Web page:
Purpose: Home media that promote physical activity offer potential benefits in obesity prevention efforts for children, to the extent that they may represent “screen time” that is not sedentary. This study examined the relationships of home media density and parent media attitudes to preschool children’s time with TV, DVDs, and videogames, and children’s time with activity-promoting genres.

Methods: Hispanic mothers (N=237) of children aged six to 60 months reported on their preschool-aged children’s time with television, DVD players, and videogames, and time spent using activity-promoting programs or genres. Surveys in Spanish and English assessed the number of screen media channels and activity-promoting media genres used by the children; child time with three media channels and three activity-promoting genres served as outcome measures in a structural equation model.

Results: Mothers reported that children’s time with activity-promoting TV programs, DVDs and videogames was about half of the total time spent with those media channels (15-30 minutes for activity-promoting media time and 30-45 minutes for total time with TV, DVDs, and videogames). Confirmatory factor analyses established the latent variables of media density and parent media attitudes. The structural equation model reflected significant effects of parent media attitudes upon children’s total time with media and home media density upon children’s time with activity-promoting media. . Mothers’ media attitudes were not significantly related to their education, child gender, or their perception of the child as more active than other children. A re-specified model that incorporated correlations between child gender, parent education, and difficulty in setting media time limits provided an excellent fit [χ2 (33, N= 237) =36.53, p = .30, RMSEA = .02 CFI = .95, TLI = .94, WRMR =.76] of the model to the data.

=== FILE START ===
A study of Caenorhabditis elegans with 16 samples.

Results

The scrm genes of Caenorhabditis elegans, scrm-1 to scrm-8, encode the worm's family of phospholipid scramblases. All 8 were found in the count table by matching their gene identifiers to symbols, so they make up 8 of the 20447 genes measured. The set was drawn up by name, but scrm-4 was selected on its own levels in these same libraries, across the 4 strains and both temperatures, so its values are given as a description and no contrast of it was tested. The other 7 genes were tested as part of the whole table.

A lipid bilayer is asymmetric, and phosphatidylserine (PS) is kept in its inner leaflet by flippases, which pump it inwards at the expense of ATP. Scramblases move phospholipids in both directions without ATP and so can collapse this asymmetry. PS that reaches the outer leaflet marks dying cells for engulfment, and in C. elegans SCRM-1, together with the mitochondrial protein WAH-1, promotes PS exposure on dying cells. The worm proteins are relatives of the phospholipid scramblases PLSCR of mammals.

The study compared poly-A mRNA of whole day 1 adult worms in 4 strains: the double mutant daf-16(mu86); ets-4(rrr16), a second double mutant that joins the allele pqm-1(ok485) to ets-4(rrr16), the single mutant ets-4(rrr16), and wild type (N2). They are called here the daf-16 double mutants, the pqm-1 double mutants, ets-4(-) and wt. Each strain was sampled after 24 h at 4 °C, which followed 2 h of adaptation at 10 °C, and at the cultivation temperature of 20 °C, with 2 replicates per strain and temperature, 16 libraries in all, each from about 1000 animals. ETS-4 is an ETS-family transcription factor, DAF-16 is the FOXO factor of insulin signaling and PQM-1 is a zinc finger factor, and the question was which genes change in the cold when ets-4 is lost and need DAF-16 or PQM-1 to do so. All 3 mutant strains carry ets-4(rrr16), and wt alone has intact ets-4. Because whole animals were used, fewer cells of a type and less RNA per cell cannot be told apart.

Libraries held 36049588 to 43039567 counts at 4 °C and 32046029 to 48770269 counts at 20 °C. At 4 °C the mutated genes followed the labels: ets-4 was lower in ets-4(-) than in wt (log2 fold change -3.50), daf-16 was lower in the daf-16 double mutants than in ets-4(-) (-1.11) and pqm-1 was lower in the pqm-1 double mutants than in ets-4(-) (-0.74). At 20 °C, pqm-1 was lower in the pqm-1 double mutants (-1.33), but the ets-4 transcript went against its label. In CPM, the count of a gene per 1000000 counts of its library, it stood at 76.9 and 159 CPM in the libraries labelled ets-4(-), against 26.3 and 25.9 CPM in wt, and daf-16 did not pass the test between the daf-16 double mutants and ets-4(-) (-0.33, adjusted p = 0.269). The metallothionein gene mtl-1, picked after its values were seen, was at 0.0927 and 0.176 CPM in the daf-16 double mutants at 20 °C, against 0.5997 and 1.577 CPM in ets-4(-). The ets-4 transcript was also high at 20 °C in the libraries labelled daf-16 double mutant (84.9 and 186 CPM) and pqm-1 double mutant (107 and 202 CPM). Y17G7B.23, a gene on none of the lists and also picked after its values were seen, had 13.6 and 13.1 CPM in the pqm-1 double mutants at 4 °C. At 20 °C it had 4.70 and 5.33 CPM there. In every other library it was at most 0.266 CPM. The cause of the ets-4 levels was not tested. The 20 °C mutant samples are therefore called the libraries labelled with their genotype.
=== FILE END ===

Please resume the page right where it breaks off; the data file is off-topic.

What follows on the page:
Conclusions: Children’s time with media may not be sedentary. Activity-promoting media offer potential benefits in obesity prevention efforts for children, to the extent that they may increase the time that children are physically active. Parent attitudes can influence preschool children’s time with media, and the density of media in the home influences children’s use of activity-promoting media.